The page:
In their fourth film together, Tom Hanks and Steven Spielberg prove once again that they are a film-making force to be reckoned with, as they leap and bound toward some specific golden statues with their tension-filled drama based on true events, Bridge Of Spies.
At the height of the Cold War, successful insurance lawyer James B Donovan (Tom Hanks) is recruited by the CIA to defend accused Soviet spy, Rudolf Abel (Mark Rylance). Throughout the investigation, Donovan urges the system to hold Abel as leverage so they can potentially negotiate his return in exchange for any American spies that might become captured in the future.
"Insurance is [Donovan's] thing" after all, and his precursory plans appear worthwhile when a U2 spy plane pilot is captured by the Russians a few years after Abel's incarceration and hopes of a swap come to light. Donovan is then sent to war-torn Berlin to use his powers of persuasion to convince both the Soviet and German loyalists to agree to the trade.
The last time Hanks was seen on the big screen, it was also in a period piece, Saving Mr Banks, but while the clothes looked somewhat similar to this picture, his character here could not be more different – a juxtaposition really showcasing the legendary actor's talent. A bit of a caddish character, Saving Mr Banks' Walt Disney was a little slippery and even more selfish, but none-the-less overwhelmingly charming and flamboyant.
Whereas Bridge Of Spies' Donovan is a straight American arrow and hard-working family man who stands by his catchphrase "Every person matters", at every step of his unfolding new career. In fact, Donovan is such a hero that it's hard to believe that he was a lawyer... let alone a real person, as every chance he gets he exhibits a pure humanity and understanding that almost every other character in the piece is absent of in the name of blind patriotism or, simply, fear.
The only person that shares a similar level of empathy is Abel, played brilliantly by Rylance. His calm and collectedness never comes across as cold or arrogant, which it could have done every time Donovan ponders out loud why he isn't worried about his fate and he matter-of-factly answers: "Would it help?" It's not confidence that urges him to say this, but acceptance and it gives the character wonderful humility. But it's not just Hanks and Rylance that shine here.
Their likeability makes it easy to will Donovan to succeed but it's only made natural through Spielberg's unbiased storytelling and knack for picking up on moments where a light-hearted joke can be left to flourish. He so easily could have fallen into serious overtones or portraying the Russians and Germans as hammed-up enemies with his all-American protagonist saving the day, but he never comes close to doing so. In fact, he constantly draws parallels to each side, presenting the idea that each spy is simply doing their duty to their own country.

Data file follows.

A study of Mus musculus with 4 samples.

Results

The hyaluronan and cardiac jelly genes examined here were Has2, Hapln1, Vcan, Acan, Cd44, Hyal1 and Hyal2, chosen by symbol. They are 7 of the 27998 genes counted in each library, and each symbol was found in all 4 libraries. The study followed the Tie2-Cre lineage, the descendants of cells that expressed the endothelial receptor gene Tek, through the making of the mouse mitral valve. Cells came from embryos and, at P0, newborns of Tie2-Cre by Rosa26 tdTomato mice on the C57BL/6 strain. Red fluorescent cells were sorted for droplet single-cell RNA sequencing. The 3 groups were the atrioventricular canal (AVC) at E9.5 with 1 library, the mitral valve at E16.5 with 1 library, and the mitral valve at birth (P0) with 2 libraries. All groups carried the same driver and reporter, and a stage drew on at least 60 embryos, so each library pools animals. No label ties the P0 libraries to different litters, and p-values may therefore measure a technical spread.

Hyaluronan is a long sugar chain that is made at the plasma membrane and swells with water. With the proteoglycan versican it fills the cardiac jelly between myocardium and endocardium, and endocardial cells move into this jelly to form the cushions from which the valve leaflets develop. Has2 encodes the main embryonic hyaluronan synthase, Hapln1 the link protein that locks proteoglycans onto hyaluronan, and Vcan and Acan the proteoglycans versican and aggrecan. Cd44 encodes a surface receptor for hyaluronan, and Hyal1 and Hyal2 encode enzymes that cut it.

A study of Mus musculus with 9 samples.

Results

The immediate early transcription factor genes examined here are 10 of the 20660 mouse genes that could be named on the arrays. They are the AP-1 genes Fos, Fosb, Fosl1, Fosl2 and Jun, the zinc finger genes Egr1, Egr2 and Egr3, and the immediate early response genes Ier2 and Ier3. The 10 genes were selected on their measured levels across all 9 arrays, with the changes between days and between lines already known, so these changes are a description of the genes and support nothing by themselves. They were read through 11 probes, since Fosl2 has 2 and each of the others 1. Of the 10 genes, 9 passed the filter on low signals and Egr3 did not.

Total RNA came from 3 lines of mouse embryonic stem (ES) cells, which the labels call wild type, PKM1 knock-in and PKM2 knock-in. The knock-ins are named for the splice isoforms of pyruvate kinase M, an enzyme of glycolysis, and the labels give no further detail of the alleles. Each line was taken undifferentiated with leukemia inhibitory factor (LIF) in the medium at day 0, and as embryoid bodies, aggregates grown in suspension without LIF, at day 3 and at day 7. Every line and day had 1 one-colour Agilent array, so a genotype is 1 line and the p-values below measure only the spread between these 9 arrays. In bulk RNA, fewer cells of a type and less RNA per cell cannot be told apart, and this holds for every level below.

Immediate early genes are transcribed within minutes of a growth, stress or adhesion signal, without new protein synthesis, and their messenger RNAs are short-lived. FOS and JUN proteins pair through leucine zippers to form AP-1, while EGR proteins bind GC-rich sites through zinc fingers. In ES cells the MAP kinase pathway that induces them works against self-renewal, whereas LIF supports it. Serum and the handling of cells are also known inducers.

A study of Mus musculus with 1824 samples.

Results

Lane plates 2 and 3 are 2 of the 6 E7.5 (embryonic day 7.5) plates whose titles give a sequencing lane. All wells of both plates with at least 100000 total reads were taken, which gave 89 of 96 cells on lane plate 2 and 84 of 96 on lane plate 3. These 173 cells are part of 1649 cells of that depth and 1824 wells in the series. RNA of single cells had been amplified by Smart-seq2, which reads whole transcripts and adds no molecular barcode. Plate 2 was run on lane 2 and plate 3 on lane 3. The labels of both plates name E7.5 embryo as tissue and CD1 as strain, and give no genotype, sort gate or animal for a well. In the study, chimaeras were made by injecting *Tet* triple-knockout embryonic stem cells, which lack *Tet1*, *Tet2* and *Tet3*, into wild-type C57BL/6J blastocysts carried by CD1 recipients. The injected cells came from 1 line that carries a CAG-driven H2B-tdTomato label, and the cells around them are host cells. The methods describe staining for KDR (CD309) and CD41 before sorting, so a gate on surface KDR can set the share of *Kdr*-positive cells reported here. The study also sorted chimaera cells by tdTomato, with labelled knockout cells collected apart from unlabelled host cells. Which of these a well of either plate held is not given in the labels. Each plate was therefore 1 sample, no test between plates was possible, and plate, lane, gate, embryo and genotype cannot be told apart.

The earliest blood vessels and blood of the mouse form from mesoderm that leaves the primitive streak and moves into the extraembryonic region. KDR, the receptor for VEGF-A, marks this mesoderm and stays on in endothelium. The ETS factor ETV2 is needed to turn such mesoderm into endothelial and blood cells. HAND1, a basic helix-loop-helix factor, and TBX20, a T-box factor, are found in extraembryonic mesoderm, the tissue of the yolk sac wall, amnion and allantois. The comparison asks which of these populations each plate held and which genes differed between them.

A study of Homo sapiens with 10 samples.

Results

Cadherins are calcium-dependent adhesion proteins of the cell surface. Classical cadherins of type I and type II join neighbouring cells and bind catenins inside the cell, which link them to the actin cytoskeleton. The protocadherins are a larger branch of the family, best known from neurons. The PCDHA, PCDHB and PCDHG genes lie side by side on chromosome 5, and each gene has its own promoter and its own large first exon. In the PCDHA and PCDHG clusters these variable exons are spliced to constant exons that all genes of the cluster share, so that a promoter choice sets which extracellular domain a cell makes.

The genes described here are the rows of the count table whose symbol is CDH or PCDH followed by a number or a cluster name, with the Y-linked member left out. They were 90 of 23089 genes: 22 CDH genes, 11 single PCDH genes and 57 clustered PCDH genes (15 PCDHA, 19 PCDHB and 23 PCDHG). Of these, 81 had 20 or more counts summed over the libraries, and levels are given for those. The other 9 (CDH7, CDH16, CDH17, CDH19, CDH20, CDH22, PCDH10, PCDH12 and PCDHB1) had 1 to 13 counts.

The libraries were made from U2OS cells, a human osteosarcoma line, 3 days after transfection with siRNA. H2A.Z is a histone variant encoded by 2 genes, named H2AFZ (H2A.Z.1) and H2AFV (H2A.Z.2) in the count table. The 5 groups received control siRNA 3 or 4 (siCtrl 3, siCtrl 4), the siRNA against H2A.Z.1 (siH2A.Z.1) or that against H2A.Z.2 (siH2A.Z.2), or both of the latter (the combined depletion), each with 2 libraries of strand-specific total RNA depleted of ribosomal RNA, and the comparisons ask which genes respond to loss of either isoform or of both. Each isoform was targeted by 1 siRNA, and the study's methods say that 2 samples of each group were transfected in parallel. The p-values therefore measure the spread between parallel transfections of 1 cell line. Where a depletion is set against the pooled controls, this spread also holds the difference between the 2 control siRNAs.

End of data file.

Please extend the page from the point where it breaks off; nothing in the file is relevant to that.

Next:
Towards the beginning of the film, we see Abel extract a piece of hidden information from inside a dollar coin, and later we are introduced to a poisonous scratcher pin concealed inside a coin used by the US. Neither points are laborious, but its evident why they made the final cut.
The script, penned by up-and-coming British playwright Matt Charman, was built upon by award-winning screenwriters Joel and Ethan Coen. Their presence is felt in the piece, maintaining its unexpected buoyancy throughout and making the whole film easier to swallow. They undoubtedly had something to do with the invention of the main comic relief aka Abel's caricature-like family, who quite clearly have never met Abel in their lives, and were solely employed by the other side to show their captured operative in more sympathetic light.
Due to its setting and grey, bleak visuals, comparison has been drawn to Tinker Tailor Soldier Spy, but while the two films rely on dialogue to keep their momentum going, they couldn't be more different in style. One revelled in confusing its audience, leaving twists hidden until it wanted to reveal them whereas Bridge Of Spies is surprisingly easy to follow as it's simply a film about a quest for fairness.
"Aren't you curious?" Abel asks Donovan during his representation, wondering whether the moral lawyer wants to know whether his charges are in fact based on truth. To which he responds sincerely "no". You realise as a viewer, you don't really care either and so the movie avoids ever getting bogged-down in the heavy law stuff.
However, while interesting stuff if one is keen on history, those expecting more of a thrilling spy caper would be left wanting more after the exciting opening scene that follows a then free Abel around the streets of New York City as he is seemingly unknowingly pursued by American agents.
As much as the tension builds at first, the ante diminishes somewhat when Abel's sentencing is announced a third of the way into the movie. There's moments where you think that Hanks' Donovan is going to launch an all-out condemning of the verdict, like after he discovers that the agents that searched Abel's dwellings had no warrant to do so and therefore the evidence against him was wrongly put forward, but that's all blown under the carpet far too quickly and lays a little stagnant in order to get to the crux of the movie – the exchanges. But do try to maintain your attention, as that's when the true heart and emotion emerges.